Why autumn is so colourful
THE weather is starting to cool and if you live on the Granite Belt you will notice the trees have changed colour and some are now losing their leaves. Why does this happen? I will try to explain the processes behind this magnificent show put on by Mother Nature.
Leaves are the plant's food factories. As moisture is drawn from the ground by the roots, leaves draw carbon dioxide from the atmosphere. The leaves use a process called photosynthesis, which means "putting together with light". This process uses sunlight to convert the water and carbon dioxide into oxygen and glucose (sugars). Oxygen is important to us as we need it to survive and the plant needs the glucose to survive.
This shows how important plants and trees are to us and how we would not survive without them. The plant uses the glucose as its food and building blocks. A chemical called chlorophyll helps make photosynthesis happen. Chlorophyll is what gives plants their green colour.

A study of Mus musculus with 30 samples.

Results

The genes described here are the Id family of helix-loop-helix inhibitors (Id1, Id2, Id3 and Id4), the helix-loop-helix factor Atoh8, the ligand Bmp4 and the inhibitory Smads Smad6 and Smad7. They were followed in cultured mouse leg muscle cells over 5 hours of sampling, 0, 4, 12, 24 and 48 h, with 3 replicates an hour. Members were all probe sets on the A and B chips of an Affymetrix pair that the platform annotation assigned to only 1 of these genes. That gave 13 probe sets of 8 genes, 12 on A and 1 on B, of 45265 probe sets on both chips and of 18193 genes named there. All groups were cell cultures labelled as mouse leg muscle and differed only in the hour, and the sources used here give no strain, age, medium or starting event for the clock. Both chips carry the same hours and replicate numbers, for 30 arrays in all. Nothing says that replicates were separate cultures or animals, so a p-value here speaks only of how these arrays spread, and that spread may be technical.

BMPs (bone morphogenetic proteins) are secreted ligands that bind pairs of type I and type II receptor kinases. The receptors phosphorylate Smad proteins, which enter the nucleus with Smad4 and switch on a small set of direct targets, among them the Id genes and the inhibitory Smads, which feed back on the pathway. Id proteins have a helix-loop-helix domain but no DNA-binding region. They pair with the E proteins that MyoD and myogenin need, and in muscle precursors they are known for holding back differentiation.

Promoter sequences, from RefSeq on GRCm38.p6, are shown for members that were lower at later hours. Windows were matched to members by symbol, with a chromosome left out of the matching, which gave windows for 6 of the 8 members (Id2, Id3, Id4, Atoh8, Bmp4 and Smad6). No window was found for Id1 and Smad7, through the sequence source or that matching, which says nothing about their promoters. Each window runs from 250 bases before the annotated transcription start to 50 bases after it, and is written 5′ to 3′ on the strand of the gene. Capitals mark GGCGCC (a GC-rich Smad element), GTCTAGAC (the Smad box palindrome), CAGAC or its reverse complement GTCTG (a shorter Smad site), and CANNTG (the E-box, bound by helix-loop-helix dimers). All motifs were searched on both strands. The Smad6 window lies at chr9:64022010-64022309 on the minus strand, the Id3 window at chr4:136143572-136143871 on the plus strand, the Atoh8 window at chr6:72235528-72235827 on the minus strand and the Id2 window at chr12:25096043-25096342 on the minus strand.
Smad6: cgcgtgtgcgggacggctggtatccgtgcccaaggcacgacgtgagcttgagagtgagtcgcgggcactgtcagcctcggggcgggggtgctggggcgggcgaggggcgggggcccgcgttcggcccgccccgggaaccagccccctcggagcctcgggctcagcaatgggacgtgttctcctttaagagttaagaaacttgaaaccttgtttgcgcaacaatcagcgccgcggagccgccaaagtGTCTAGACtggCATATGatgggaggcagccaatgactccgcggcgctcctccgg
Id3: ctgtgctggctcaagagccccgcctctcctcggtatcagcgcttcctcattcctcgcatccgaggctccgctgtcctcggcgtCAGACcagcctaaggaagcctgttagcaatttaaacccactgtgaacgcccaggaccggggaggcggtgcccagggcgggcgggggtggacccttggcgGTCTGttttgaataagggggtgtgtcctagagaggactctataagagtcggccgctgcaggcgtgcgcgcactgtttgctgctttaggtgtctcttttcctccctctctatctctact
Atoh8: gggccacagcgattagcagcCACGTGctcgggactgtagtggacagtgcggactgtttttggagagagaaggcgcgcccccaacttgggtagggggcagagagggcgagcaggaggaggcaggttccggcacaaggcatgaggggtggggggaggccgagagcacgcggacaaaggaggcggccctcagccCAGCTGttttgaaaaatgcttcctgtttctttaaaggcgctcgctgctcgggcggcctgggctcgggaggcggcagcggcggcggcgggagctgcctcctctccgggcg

As summer comes to an end, the days start to get shorter and we enter autumn. During autumn the leaves photosynthesis processes start to shut down and the tree starts to live off the food it has stored during summer. The leaves are no longer needed and start to change colour as the chlorophyll, which is green in colour, subsides. As the green colour fades away, other colours such as orange and yellow start to appear. These colours are in the leaves throughout summer but we can't see them because of the dominance of the green chlorophyll.
Other colours, such as the deep reds and purples are produced in autumn. In some trees, maples for example, some of the glucose stays trapped in the leaves. Because of the cooler nights of autumn and the lack of sunlight this glucose starts to change into a red colour. Other trees, like oaks, have a brown colour and this is produced by waste products trapped in the leaves.
Add all the leaf colours together and you end up with Mother Nature's palette - a magnificent array of colour for us to enjoy.